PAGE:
The author of this essay is unknown, but the words will resonate with many Italian Americans of a certain generation. It highlights the importance of preserving our Italian traditions for future generations, the goal of the Italian Cultural Foundation at Casa Belvedere.
I am sure for most second generation Italian American children who grew up in the ‘40s and ‘50s there was a definite distinction between us and them. We were Italians, everybody else, the Irish the Germans, the Poles, they were Americans.
I was well into adulthood before I realized I was an American. I had been born American and lived here all my life, but Americans were people who ate peanut butter and jelly sandwiches on mushy white bread. I had no animosity toward them, it’s just I thought ours was the better way with our bread man, egg man, javelle man, vegetable man, the chicken man, to name a few of the peddlers who came to our neighborhoods. We knew them, they knew us.
Americans went to the A&P. It amazed me that some friends and classmates on Thanksgiving and Christmas ate only turkey with stuffing, potatoes, and cranberry sauce. We had turkey, but after antipasto, soup, lasagna, meatballs and salad. In case someone came in who didn’t like turkey, we also had a roast of beef. Soon after we were eating fruits, nuts, pastries and homemade cookies sprinkled with little colored things. This is where you learned to eat a seven course meal between noon and 4 p.m., how to handle hot chestnuts and put peaches in wine.
Italians live a romance with food. Sundays we would wake up to the smell of garlic and onions frying in olive oil. We always had macaroni and sauce. Sunday would not be Sunday without going to mass. Of course you couldn’t eat before mass because you had to fast before receiving communion. We knew when we got home we’d find meatballs frying, and nothing tasted better than newly cooked meatballs with crisp bread dipped into a pot of hot sauce.
Another difference between them and us was we had gardens. Not just with flowers, but tomatoes, peppers, basil, lettuce and chicoria. Everybody had a grapevine and fig tree. In the fall we drank homemade wine arguing over who made the best. Those gardens thrived because we had something our American friends didn’t seem to have.
We had grandparents. It’s not that they didn’t have grandparents. It’s just they didn’t live in the same house or street. We ate with our grandparents and God forbid we didn’t visit them 5 times a week. I can still remember my grandmother telling us how she came to America when she was young, on the “boat.”
I’ll never forget the holidays when the relatives would gather at my grandparents house, the women in the kitchen, the men in the living room, the kids everywhere. I must have a hundred cousins. My grandfather sat in the middle of it all smoking his DiNobili cigar, so proud of his family and how well they had done.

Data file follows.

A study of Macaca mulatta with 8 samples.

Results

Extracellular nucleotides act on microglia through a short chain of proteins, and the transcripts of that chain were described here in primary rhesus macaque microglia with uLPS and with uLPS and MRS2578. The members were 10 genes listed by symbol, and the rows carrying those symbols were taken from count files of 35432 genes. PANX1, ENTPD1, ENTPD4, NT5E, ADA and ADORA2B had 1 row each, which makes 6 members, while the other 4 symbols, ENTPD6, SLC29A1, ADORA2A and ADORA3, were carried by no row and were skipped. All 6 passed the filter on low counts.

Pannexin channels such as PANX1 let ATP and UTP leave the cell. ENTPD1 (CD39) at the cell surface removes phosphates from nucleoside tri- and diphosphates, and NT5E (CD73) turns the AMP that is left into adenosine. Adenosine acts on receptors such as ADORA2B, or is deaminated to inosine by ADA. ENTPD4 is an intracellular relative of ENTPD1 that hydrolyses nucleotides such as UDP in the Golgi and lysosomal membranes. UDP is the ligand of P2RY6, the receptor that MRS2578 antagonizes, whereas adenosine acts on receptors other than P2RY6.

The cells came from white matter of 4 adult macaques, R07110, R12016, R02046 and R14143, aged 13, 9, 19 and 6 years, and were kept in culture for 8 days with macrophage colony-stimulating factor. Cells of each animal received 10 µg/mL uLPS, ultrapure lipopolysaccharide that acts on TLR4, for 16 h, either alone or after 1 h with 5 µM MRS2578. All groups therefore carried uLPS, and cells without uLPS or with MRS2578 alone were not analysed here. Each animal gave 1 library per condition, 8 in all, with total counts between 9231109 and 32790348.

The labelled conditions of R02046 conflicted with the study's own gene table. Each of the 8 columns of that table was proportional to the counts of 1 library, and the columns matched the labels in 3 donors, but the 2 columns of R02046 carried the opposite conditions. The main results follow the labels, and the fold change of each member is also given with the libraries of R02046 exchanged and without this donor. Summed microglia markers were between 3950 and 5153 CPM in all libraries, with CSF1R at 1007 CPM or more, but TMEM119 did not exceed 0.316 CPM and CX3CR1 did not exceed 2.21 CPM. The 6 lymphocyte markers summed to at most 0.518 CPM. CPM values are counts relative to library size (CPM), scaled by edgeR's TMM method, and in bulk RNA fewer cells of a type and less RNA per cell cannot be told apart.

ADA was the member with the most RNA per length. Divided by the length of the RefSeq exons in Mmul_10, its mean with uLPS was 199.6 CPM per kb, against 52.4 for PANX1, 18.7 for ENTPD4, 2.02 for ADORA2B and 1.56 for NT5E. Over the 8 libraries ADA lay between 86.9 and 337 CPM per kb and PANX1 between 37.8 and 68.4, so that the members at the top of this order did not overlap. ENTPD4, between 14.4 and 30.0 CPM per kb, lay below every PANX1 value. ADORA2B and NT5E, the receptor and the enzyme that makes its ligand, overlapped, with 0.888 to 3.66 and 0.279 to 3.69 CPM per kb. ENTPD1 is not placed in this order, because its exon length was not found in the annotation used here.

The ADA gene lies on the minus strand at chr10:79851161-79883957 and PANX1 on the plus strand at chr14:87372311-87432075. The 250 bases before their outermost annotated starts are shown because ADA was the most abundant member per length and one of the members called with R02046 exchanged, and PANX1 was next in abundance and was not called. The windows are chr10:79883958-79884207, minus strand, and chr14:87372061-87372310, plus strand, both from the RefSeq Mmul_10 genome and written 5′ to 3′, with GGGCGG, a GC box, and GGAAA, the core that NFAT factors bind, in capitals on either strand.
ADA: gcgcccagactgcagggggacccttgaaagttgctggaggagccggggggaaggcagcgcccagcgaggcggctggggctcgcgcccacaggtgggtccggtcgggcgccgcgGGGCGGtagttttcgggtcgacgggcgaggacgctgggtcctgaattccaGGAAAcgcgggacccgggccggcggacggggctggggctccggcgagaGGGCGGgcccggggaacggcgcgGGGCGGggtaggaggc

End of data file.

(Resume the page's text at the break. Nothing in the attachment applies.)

When my grandparents died, things began to change. Family gatherings were fewer and something seemed to be missing. Although we did get together, usually at my mother’s house, I always had the feeling grandmom and grandpop were there. It’s understandable things change. We all have families of our own and grandchildren of our own. Today we visit once in a while or meet at wakes or weddings.
Other things have also changed. The old house my grandparents bought is now covered with aluminum siding. A green lawn covers the soil that grew the tomatoes. THERE WAS NO ONE TO COVER THE FIG TREE SO IT DIED.
The holidays have changed. We still make family “rounds” but somehow things have become more formal. The great quantities of food we consumed, without any ill effects, is not good for us anymore. Too much starch, too much cholesterol, too many calories in the pastries.
The difference between “us” and “them” isn’t so easily defined anymore, and I guess that’s good. My grandparents were Italian/Italians, my parents were Italian/Americans. I’m an American and proud of it, just as my grandparents would want me to be.
We are all Americans now … the Irish, Germans, Poles, all US citizens. But somehow I still feel a little bit Italian. Call it culture, call it roots … I’m not sure what it is. All I do know is that my children, my nieces and nephews, have been cheated out of a wonderful piece of our heritage. They never knew my grandparents.
The Italian Cultural Foundation at Casa Belvedere is a not-for-profit organization that celebrates everything Italian by sharing stories such as this, and offering exceptional public programs: Language and cooking classes; art and photo exhibits; film festivals; opera luncheons and casino nights; Italian car shows and fashion shows; live concerts and theatrical performances; guest chef experiences and wine tastings; bocce and bingo (tombola); and much more. Casa Belvedere (house with a beautiful view) has established itself as a vibrant and buzzing cultural center in New York City. For more information, visit casa-belvedere.org.